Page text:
DVSA announced plans last month to recruit up to 40 extra vocational licence examiners to handle the current backlog in driving tests. It said it had filled some of the vacancies internally, and was seeking external applicants for the remaining posts, who would cover truck and bus tests.
Before lockdown, the organisation was already struggling to keep up with demands for truck and bus licence driving tests. It has increased the number of vocational (LGV and PCV) driving tests on offer from 2,000 a week pre-Covid to 3,000 by working overtime and allocating existing staff into testing. It has been estimated that a backlog exists of some 40,000 candidates waiting for tests.
DVSA said it was looking for examiners in east England, north-west England, south England, south-east England, south-west England, the West Midlands, and north and south Wales.
A full Cat C + E licence is a prerequisite, and successful applicants will serve four months post-training as car examiners before moving on to larger vehicles.
It has also been consulting on ways to reduce the test backlog. These include removing the requirement to obtain a Cat C (rigid) licence before commencing Cat C+E (artic/ drawbar) training; allowing trainers, rather than examiners, to conduct the part of the test relating to reversing and manoeuvring; and removing the need for car drivers to take an additional test to entitle them to tow a trailer.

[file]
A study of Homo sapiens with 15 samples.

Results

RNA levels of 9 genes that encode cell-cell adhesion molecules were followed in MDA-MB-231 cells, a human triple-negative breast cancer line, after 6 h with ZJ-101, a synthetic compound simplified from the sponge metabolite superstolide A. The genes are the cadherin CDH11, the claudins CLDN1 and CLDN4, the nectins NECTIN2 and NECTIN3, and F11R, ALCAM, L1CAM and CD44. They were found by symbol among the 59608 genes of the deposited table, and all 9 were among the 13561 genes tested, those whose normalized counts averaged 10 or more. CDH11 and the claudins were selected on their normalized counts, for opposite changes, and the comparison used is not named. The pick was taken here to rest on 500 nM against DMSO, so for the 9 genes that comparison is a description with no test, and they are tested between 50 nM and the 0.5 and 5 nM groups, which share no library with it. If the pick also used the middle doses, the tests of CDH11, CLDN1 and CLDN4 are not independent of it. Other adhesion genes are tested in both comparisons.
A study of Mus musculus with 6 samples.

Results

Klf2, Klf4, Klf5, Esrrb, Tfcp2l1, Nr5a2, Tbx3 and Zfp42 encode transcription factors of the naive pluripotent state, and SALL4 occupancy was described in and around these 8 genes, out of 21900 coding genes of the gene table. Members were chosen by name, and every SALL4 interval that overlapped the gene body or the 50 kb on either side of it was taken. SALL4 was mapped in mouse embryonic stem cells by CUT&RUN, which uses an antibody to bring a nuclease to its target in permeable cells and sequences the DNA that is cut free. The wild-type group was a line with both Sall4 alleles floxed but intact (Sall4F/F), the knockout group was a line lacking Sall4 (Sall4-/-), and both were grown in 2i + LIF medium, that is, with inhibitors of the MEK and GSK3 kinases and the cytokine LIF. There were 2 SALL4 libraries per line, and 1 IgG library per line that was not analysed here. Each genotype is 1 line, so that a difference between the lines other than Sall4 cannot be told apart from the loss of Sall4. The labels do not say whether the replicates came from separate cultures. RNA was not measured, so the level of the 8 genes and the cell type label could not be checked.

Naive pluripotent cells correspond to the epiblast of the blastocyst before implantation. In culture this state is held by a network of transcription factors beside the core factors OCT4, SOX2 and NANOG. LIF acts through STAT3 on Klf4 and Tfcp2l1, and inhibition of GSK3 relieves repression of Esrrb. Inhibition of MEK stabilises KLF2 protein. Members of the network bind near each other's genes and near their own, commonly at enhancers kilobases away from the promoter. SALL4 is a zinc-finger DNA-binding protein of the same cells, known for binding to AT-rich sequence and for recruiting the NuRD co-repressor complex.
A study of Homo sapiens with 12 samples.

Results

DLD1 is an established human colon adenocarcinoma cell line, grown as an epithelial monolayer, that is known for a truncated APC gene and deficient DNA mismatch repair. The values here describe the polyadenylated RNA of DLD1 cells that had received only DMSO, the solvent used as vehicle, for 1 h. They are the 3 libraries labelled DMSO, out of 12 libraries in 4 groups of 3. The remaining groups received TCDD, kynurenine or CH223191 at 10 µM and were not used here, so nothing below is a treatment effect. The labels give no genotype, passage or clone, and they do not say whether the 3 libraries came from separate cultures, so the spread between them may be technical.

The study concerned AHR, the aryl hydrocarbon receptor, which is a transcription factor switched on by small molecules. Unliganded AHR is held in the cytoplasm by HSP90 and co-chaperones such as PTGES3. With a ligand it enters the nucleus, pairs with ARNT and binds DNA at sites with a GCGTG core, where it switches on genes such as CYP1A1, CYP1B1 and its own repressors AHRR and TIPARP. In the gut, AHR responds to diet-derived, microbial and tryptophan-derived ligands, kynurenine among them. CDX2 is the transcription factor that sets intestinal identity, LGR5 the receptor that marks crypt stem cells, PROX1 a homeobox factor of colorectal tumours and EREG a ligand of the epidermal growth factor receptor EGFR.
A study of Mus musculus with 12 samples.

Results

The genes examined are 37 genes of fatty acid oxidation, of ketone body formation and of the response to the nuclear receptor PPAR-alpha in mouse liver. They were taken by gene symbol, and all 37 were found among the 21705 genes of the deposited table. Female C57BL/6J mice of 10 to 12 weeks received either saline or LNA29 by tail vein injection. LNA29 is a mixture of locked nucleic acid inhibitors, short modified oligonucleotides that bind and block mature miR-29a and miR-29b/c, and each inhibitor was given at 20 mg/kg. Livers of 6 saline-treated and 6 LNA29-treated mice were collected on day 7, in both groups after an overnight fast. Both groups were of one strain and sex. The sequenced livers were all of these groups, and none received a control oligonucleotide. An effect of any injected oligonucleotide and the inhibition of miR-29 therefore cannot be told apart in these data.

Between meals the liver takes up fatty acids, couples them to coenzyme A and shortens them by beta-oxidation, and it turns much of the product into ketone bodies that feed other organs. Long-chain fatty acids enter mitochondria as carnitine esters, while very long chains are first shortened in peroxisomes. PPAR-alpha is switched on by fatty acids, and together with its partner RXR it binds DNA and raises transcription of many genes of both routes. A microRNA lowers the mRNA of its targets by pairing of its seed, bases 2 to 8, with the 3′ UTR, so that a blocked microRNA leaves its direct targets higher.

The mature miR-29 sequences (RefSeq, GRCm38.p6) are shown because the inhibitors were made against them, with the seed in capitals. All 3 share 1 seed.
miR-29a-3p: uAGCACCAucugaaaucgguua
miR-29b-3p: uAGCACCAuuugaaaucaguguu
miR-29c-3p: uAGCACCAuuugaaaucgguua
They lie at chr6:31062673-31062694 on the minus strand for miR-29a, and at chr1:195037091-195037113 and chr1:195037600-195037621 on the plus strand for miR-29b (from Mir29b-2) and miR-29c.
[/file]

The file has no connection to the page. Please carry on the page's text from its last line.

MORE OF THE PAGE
DVSA chief executive Loveday Ryder said: “We recognise the haulage industry keeps the wheels of our economy turning and have listened to its concerns about the current lorry driver shortage.
“We have responded by doing all we can to support the industry in tackling this issue through increasing lorry driver testing.
“This includes our latest campaign to recruit more vocational examiners so we can maximise our lorry testing capacity.”
Baroness Vere, the roads minister, added: “Our HGV drivers provide a vital service delivering food, medicine and other vital goods to where they’re needed. That’s why we’re committed to working with industry to address the shortage of drivers and have unveiled a package of robust measures.
“Increasing the DVSA’s testing capacity is a crucial part of this plan, and I’d encourage anyone with the right experience to apply for a role – helping keep our country moving.”
Figures obtained by Transport Operator from DVSA indicate that, prior to lockdown, on 19 August 2019, the national average waiting time for a vocational (truck, bus or coach) driving test was 2.76 weeks. On 18 August 2021, the figure was 7.84 weeks.
The DVSA said it did not hold figures on the actual numbers of people waiting for tests at any one time.